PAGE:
Sunday 18 July 2010

Mixing it up

It looks as though the culture in Mauritius is going to be really interesting and colourful (thanks, Lonely Planet). Turquoise sea and jungly volcanic peaks I've seen before often enough, but the mixture of Indian, Chinese, French and Creole is unusual and promising. I'm expecting bright colours, lively music, zingy food.

The only time I've come across Creole culture before was in Peru, with people of Spanish descent (in Mauritius they're African) in Nazca, where we'd gone to see the amazing lines in the desert.
It was a long day that began with an early start in a big jetboat out to the Ballestas Islands where they used to collect the metres-thick guano from the millions of birds that nest there. Pre-artificial fertiliser, this stuff was like gold dust, and ships taking it to Europe were often attacked by pirates. In those days they would have had less delicate noses than we do now - because boy! that sure is a powerful stink.
Great bird life, though - pelicans, boobies, penguins - plus sealions, and dolphins cruising round the brightly-painted fishing boats when they were swilling out their holding tanks. And the islands were pretty spectacular too: great arches and cliffs of black and orange rock streaked with white, and deep blue ocean surging into the pebbly beaches.
Then we headed south along the Pan-American Highway and Peru's arid zone (the brown bit, as opposed to the blue strip down the middle - the Andes - and the green on the other side - the Amazon). We stopped at a classic, literal oasis in amongst the sand dunes where a pretty little town, Huacachina, was built around a palm-fringed lake.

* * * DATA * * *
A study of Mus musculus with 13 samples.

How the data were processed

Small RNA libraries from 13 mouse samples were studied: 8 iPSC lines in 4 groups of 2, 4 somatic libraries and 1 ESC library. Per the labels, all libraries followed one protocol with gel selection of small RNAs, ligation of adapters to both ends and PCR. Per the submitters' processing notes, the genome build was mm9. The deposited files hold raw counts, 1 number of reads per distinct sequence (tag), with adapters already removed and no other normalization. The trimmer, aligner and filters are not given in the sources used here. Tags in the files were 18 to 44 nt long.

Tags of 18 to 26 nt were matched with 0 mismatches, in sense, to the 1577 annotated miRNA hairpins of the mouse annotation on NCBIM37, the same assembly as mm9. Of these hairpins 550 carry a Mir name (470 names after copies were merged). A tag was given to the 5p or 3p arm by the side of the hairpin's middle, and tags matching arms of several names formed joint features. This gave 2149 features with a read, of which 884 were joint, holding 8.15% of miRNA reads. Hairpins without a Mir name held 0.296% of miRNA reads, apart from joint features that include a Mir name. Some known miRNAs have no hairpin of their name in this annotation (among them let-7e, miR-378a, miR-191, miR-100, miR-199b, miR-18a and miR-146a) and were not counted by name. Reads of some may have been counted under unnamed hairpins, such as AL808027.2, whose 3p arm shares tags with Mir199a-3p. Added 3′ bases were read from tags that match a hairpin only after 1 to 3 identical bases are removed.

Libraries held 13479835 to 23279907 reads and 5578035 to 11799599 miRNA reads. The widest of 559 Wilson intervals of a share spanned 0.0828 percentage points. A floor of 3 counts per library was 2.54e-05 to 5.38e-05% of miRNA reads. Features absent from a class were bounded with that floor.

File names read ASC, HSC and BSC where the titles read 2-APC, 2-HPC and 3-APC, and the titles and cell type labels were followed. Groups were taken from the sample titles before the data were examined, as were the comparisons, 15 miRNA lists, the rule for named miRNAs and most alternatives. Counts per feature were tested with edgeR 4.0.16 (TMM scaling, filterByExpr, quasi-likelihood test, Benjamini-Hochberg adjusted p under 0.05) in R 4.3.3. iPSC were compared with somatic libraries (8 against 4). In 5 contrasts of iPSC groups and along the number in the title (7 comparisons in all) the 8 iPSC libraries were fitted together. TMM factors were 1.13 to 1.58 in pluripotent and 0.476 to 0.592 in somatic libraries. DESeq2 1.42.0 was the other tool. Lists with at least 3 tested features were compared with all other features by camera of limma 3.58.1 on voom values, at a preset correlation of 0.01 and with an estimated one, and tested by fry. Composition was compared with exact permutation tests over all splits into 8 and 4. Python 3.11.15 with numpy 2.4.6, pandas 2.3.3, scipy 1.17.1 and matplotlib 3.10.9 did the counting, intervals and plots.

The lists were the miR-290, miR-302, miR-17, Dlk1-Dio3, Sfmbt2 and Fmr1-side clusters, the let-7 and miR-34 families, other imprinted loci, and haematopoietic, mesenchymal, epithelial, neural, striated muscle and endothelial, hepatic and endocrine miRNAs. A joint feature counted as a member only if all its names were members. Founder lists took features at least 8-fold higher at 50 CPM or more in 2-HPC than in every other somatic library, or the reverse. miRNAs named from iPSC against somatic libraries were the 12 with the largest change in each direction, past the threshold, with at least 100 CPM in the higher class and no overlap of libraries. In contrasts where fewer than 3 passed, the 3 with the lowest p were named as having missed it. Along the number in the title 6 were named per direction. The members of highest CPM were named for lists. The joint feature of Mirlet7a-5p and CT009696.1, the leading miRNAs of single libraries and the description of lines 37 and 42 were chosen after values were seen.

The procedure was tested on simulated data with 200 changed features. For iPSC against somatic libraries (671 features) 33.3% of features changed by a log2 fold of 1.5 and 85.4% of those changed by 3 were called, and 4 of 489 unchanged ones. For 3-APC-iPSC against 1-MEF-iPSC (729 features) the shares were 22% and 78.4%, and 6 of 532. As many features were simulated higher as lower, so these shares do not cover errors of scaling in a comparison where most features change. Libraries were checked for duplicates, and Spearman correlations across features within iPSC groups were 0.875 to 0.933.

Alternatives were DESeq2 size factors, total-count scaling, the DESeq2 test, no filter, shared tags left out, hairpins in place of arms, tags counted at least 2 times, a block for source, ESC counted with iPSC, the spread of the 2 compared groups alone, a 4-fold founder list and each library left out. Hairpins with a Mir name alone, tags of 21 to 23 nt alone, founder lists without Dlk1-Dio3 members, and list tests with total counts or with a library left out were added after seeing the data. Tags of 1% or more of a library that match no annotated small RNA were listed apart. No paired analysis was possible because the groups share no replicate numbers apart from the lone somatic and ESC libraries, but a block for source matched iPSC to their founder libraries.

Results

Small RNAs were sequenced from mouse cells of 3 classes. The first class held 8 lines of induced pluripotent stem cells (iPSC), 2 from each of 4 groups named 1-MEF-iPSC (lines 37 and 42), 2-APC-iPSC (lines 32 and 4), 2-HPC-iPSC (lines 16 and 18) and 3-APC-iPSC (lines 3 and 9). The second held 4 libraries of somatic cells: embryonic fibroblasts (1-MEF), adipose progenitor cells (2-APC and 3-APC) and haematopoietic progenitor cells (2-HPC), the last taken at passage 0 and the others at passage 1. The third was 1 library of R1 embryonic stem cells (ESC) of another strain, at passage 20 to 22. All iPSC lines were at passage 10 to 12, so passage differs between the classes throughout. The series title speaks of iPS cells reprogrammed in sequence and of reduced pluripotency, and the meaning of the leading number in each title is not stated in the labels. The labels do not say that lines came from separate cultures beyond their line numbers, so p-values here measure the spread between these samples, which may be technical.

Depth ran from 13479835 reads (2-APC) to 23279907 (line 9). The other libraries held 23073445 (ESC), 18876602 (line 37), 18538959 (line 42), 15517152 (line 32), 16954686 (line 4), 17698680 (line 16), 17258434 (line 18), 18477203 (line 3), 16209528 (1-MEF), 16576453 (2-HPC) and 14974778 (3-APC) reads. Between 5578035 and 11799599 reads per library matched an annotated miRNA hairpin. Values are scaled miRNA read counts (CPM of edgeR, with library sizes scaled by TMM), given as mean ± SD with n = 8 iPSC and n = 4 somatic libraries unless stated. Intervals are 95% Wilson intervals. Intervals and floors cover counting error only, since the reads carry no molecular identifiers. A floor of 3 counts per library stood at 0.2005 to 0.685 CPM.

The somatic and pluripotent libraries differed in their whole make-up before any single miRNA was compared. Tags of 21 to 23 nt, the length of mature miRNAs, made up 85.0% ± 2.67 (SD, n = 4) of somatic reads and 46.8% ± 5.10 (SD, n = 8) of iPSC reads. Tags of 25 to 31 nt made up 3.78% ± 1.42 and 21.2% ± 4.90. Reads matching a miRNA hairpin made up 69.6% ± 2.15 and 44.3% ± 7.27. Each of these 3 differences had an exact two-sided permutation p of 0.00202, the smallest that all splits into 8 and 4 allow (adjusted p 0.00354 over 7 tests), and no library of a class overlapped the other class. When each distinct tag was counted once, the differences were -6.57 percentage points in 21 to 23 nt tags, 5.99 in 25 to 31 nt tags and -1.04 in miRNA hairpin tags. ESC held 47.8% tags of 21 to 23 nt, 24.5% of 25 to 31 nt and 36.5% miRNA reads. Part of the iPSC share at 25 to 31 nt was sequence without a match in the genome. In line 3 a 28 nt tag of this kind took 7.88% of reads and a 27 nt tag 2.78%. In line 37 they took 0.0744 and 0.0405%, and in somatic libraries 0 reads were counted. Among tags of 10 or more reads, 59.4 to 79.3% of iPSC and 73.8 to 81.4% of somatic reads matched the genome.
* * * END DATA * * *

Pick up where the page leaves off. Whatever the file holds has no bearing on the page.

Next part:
We got into a sand-dune buggy with wide tyres and roll-bars, and hooned up onto the dunes for some silly fun, roller-coastering around and stopping to do a bit of sand-boarding. That was simple, childlike fun going down, but it was heavy, grown-up work toiling back up to the top.
And then we drove to Nazca, where the sky was constantly busy with little planes flightseeing over the mysterious lines in the desert. We took our turn and were amazed despite the horrendous airsickness caused by all the aerobatics involved in making sure everyone had a good look.
Finally we had dinner out at a touristy restaurant with a huge cactus growing in the middle of the dining room under an open roof with the Southern Cross showing. After the obligatory El Condor Pasa and Guantanamera (no trip to Peru is possible without hearing both these tunes at least once a day) some Creole people treated us to their music and dance: lots of hips and arms, swirling skirts, energy and sensuality, and lively music involving box drums and a donkey jaw with rattly teeth. It was great.